5 minute read

A gender gap emerges as the chest-beating damnations of Donald Trump from Republicans build momentum following their presidential candidate’s inexcusable braggadocio about sexual assault.

And it is not an obvious one.

From Senate Majority Leader Mitch McConnell to Rep. Scott Garrett of New Jersey and Sen. Shelley Moore Capito of West Virginia, politicians across the country invoke their wives, daughters and granddaughters as reasons why this openly violent misogyny revealed in a 2005 videotape demands a withdrawal of support for Trump.

But where are the apologies to all our sons and grandsons? There needs to be righteous indignation on behalf of the boys and men who see that you can rise to a position aiming for the highest office in our land despite such hateful and criminal dismissals of women.

Where is Trump’s apology to his own sons, Donald, Jr., Eric and Barron? It appears it is not forthcoming. In Sunday night’s presidential debate, he indignantly and repeatedly justified the video as “locker room talk,” and denied any of his behavior.

I look forward to an age when this notion of a private allowance for immoral misbehavior – as in the “locker room” defense—will not be tolerated as part of a rape culture we condone through our silence. There is no place where this exchange is excusable.

This country’s crisis of sexual assault on college campuses and a public health epidemic of domestic violence is an outcome of explicit and more subtle messages sent to young men. Those messages are that the historic “boys will be boys” excuses diffuse the outrageousness of such crimes.

Consider the reactions to the Brock Turner case, where the former Stanford University swimmer was sentenced to six months in jail and three months probation for sexually assaulting a 23-year-old woman who was unconscious. In reaction to this leniency, California Governor Jerry Brown signed a new law in September that would toughen mandatory sentencing for those convicted of rape of an unconscious person.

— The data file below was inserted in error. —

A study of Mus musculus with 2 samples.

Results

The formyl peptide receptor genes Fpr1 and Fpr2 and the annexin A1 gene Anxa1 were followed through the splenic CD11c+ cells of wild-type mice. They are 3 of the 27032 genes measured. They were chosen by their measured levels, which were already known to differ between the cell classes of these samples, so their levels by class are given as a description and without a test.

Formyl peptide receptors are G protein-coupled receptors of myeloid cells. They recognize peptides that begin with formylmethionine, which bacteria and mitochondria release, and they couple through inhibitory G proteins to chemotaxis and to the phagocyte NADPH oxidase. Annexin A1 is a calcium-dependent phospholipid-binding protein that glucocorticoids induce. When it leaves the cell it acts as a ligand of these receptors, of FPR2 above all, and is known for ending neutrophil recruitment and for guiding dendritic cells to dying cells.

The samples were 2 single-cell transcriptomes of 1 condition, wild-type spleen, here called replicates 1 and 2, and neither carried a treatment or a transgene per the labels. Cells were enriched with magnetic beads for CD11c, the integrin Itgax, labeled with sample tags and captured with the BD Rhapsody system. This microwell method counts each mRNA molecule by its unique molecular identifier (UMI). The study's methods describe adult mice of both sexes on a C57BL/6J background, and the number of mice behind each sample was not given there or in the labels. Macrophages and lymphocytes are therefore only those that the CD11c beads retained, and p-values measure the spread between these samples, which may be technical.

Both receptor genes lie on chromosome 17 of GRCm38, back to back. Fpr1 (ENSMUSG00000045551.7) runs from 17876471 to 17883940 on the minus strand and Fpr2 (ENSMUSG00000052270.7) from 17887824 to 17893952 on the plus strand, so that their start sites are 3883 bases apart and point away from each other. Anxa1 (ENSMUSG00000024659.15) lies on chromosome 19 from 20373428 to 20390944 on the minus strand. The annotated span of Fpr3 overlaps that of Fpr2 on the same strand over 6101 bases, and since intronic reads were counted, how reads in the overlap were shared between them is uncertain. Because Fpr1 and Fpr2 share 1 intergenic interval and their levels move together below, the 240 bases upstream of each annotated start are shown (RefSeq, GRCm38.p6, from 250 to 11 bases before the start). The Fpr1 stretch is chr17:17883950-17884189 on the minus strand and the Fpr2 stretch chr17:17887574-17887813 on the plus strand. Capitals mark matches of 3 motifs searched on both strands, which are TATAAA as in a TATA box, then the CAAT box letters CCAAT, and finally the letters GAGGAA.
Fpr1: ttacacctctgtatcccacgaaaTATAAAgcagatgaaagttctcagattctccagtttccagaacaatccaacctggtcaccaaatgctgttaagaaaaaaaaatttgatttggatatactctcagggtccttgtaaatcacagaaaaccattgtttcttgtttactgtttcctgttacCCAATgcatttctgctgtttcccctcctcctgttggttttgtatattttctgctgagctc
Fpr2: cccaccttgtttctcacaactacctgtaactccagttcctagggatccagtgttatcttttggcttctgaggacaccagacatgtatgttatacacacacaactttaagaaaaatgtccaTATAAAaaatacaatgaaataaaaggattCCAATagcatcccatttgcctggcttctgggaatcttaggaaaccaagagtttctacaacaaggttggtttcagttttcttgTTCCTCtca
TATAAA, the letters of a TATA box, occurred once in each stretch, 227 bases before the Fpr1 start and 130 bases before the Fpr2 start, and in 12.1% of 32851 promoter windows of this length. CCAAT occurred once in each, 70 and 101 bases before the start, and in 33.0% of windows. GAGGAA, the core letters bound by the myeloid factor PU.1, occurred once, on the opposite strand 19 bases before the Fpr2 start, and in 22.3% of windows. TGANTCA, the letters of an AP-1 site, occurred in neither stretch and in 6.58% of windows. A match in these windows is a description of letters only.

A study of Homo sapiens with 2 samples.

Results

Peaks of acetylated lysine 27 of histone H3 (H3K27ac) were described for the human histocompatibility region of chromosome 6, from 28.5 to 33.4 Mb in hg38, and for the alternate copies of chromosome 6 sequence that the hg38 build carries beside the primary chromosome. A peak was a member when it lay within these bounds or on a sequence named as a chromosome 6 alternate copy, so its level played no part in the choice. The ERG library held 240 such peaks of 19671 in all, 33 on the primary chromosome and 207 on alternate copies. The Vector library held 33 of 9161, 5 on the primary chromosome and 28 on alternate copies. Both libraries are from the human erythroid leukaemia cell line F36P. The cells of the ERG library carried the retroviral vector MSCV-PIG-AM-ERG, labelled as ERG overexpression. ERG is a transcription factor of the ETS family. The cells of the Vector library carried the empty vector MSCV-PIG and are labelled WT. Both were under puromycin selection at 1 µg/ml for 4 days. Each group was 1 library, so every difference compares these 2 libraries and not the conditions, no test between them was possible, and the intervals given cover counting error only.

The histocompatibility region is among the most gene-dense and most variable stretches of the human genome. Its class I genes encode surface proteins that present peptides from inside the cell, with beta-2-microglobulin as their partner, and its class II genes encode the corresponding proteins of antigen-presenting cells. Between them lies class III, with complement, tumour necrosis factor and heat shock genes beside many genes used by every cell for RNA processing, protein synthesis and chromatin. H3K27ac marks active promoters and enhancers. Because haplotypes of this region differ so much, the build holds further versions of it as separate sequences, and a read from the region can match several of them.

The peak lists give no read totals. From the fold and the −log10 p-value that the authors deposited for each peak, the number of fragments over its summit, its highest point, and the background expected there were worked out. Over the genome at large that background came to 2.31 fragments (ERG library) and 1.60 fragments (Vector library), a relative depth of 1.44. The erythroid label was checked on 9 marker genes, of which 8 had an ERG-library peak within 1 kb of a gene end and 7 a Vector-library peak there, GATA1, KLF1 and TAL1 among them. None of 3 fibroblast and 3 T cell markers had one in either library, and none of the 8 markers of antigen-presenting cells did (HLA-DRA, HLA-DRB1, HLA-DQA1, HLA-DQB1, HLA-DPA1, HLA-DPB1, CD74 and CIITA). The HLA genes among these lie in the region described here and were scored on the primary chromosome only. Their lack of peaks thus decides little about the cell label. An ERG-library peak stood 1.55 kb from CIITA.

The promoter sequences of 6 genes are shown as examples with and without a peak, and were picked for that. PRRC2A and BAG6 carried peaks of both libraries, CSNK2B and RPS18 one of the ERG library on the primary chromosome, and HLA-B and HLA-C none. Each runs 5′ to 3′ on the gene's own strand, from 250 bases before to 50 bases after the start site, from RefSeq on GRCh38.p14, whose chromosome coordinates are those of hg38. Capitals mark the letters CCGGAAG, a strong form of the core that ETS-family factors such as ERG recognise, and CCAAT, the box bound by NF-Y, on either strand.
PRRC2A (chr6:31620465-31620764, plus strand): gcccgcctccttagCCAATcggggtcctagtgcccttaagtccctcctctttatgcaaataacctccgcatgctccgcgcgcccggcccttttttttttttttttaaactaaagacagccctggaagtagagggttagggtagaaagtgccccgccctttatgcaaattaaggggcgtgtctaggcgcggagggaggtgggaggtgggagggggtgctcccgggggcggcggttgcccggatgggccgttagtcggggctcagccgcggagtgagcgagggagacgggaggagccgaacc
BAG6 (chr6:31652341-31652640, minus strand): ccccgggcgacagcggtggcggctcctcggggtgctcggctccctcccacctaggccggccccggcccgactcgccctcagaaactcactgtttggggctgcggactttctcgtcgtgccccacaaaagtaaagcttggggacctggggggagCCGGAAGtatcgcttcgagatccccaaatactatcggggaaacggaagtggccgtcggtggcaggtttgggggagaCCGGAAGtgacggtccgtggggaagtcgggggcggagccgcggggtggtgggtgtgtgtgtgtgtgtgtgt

There are moments of hope emerging in a culture that forgives men for assaulting women. The backing away of Trump’s supporters and the emergence of men speaking out against such crass portrayal of women point to a possible shift away from the forgiveness for men to behave criminally against women in private—or public. Or perhaps the apologies and claims of rehabilitation only emerge after the video goes viral.

NBC proved intolerant as executives suspended Billy Bush from the “Today” show over the weekend for his role in the 2005 tape when Bush was working for “Access Hollywood. In an internal memo, NBC executive Noah Oppenheim said: “Let me be clear — there is simply no excuse for Billy’s language and behavior on that tape.”

Trump had 11 years to repent for his unforgivable statements about Nancy O’Dell and all women. But he didn’t until the video went viral.

I am the mother of three grown men, ages 27, 25 and 22. I raised them alone as a single parent since they were 6, 4 and 1. For me it was crucial to work to raise good men respectful of women in all arenas, public and private. And that work begins when they are very young—demonstrating a respect not based on gender, but humanity.

I was not flawless in my parenting—not by a long shot—but in our house there was an underlying chorus denouncing putdowns of girls, starting before pre-school. When my sons were adolescents, I made clear that the “C” word and even the “P” word that Trump used in the 2005 video were not allowed.

Yet as athletes on team and individual sports since they were each in kindergarten, they unfortunately heard this kind of language used as an insult to someone was not working out hard enough or failed to deliver a winning performance on the mat or field. When a T-ball coach chided a young boy on the team with, “You run like a girl,” I was loud and public in my objection to the coach.

No. Just no.

I wonder what would Trump’s late mother, Mary Anne Trump, reportedly a generous philanthropist who died in 2000, have to say about her son’s long tenure of mistreatment towards women? I wonder if she saw signs of disrespect of women as a boy. Certainly no mother—or father—is responsible for the behavior of a child grown into adulthood, but I wonder how as families and citizens we can work toward a culture that would decry such sexist and criminal actions.

Almost a century ago, Will Rogers starred in a 1921 American comedy film, “Boys Will Be Boys,’ about a young man raised in poverty who becomes fabulously wealthy. Apparently the plot is about his escapades of “riotous living.”

But that was just a movie; this is real life. We have to make amends, and teach the young boys and men growing up in America today that we will not a tolerate a gender gap in respect. That “boys will be boys” is not an excuse. That a “locker room” defense is weak. I hope we show the world on November 8 that if you dismiss these behaviors as normal, you cannot be President of The United States.

Michele Weldon is emerita faculty at Northwestern University and a senior leader with The OpEd Project. Her most recent book, “Escape Points: A Memoir,” deals with raising her sons alone.